Ethics in Westworld

The following is the result of the fifth episode of Westworld. It was pretty good and I think it’s one of the most interesting series (Mr.Robot is pretty interesting too by the way) that’s being aired at the moment.

Westworld is about an artificial theme park that shares the same name. It’s roaming with androids (robots similar to humans). You can hardly separate them from the humans unless you shoot at them. Because ‘real’ people can’t get shot in Westworld. The androids are there to fulfill your every need, which is why they are also called hosts.

There was instant criticism on the fact that androids were being hurt and shot for pleasure. People would have a ‘need’ for this and because they couldn’t do this in the our real world (with equality and all) they have to do it there. Sort of the discussion about the ‘catharsis’ function video games would have.

In the second episode a new person is introduced to Westworld. The following thing is said:

– “This place is the answer to the question you’ve been asking yourself.” 

“What question”?

– “Who you really are”.

It’s almost like people can only find out who they really are, their true self and identity in a not so ‘real’ world like Westworld. A world without limits and rules. It’s like we can’t find out, who we really are now because we’re limited by the rules of society around us. Westworld looks like a state of nature. Not entirely but pretty close.

Wild West

There are a few unwritten rules or rather behavioral codes that make the fact the theme park is in the Wild West more logical. The social structures in the Wild West, were really different from how things are now. Especially the position of women. They were inferior to men, which is a reason android-women can for example get raped there.
The Wild West and its behavioral codes create a social climate where ‘real’ people can do whatever they want. If the artificial world was set in the future or present, after all kinds of feminist waves, I would expect there to be unwritten rules befitting that time and some things just wouldn’t be ‘accepted’ even in an artificial world.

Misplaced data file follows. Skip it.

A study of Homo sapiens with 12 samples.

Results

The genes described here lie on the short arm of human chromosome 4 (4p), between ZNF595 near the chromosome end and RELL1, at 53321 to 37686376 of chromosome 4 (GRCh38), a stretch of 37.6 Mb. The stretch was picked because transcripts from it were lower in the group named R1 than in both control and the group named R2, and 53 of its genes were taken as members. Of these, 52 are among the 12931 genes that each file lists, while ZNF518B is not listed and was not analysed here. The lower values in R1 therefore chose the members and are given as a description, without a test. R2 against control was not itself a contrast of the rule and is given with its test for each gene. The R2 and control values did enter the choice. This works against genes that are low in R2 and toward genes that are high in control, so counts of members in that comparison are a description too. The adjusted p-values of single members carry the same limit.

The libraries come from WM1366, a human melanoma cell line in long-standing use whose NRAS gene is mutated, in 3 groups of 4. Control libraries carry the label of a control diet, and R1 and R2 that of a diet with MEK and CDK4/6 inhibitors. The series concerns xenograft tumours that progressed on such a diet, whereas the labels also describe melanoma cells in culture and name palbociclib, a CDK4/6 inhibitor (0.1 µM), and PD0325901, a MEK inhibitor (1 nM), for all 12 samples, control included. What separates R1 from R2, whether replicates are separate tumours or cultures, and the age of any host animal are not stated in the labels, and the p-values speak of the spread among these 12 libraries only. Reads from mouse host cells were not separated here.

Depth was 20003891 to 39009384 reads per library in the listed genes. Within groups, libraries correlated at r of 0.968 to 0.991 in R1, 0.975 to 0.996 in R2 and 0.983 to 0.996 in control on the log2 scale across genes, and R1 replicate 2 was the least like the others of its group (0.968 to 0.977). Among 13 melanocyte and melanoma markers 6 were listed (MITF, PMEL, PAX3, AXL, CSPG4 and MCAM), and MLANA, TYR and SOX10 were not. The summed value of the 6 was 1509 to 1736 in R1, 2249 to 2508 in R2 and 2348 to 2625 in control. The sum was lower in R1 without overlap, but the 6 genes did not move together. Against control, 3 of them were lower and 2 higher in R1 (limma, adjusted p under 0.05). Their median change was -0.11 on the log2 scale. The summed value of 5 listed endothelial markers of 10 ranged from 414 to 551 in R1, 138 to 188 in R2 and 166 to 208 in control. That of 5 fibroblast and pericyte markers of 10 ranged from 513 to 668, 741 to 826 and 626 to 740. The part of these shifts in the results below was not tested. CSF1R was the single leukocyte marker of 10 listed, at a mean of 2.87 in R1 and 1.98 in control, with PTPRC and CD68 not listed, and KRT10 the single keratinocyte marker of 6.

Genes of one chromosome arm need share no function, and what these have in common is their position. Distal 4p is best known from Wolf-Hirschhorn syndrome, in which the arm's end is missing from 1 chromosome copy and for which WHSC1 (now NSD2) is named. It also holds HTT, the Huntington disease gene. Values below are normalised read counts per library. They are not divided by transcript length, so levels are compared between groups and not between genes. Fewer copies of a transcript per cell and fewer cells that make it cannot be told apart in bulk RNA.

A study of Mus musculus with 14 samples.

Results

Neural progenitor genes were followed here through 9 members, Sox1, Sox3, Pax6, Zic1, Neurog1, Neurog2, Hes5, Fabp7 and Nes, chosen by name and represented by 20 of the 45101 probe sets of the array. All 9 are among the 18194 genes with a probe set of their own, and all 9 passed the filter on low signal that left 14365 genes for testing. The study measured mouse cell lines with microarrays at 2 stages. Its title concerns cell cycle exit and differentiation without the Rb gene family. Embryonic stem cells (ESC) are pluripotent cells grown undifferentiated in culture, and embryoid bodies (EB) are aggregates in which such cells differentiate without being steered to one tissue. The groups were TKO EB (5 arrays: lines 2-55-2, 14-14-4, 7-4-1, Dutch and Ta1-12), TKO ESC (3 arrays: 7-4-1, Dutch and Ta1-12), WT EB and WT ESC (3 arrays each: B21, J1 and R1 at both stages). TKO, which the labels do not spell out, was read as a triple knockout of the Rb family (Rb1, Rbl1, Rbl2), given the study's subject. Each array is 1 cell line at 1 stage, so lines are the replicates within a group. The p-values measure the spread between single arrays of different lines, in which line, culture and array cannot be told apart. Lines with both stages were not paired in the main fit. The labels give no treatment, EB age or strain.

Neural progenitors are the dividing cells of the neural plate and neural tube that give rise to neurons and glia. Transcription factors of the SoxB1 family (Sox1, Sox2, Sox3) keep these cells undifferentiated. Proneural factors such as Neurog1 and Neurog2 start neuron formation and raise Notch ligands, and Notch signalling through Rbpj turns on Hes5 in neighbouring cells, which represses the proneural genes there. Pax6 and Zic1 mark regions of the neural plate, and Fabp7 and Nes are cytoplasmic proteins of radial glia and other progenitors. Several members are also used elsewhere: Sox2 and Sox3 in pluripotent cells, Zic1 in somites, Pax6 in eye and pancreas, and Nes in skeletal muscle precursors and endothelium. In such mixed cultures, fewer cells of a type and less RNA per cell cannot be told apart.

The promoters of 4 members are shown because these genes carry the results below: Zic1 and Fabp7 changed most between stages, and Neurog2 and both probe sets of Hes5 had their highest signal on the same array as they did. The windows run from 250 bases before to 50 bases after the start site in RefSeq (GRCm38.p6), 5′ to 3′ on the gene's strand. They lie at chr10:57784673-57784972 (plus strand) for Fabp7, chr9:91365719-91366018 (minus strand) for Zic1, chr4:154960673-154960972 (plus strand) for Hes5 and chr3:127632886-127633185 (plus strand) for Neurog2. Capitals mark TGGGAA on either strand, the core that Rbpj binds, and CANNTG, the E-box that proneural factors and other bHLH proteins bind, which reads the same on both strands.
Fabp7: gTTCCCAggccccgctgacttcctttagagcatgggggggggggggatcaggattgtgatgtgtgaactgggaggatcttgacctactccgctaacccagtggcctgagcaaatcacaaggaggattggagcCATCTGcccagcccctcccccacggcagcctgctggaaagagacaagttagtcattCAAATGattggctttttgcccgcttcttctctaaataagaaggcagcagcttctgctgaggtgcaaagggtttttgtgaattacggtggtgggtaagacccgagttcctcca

Dehumanization

Westworld is a series on HBO. After Game of Thrones HBO is more than used to the sex and violence and Westworld is not different. But many say it’s a different situation and I couldn’t agree more.
With Game of Thrones there is sex and violence for its own sake but with Westworld they criticize the dehumanization of people by showing the effects it has, in flashbacks of traumatic experiences. The interesting part is that they aren’t ‘dehumanizing’ humans but androids. So it’s not really dehumanizing, is it?

Ethical questions like these often arise in the series. Questions that are interesting for our ‘real’ world. Because of developments on, for example virtual reality. Besides these ethical questions there are other questions like: what makes us human? Does dehumanizing androids dehumanize us? In other words, do you loose a bit of yourself when you dehumanize someone or something in an artificial world? And if you say we don’t loose a bit of our humanity when we play video games, is it the fact that you’re ‘really’ there and everything just looks and feels so very very real the thing that sets both situations apart?

Westworld is a pretty interesting series at the moment. And right now it feels like the arrival of this world brought a world of possibilities. Possibilities in storytelling but mostly the possibility to think about previously unimaginable situations.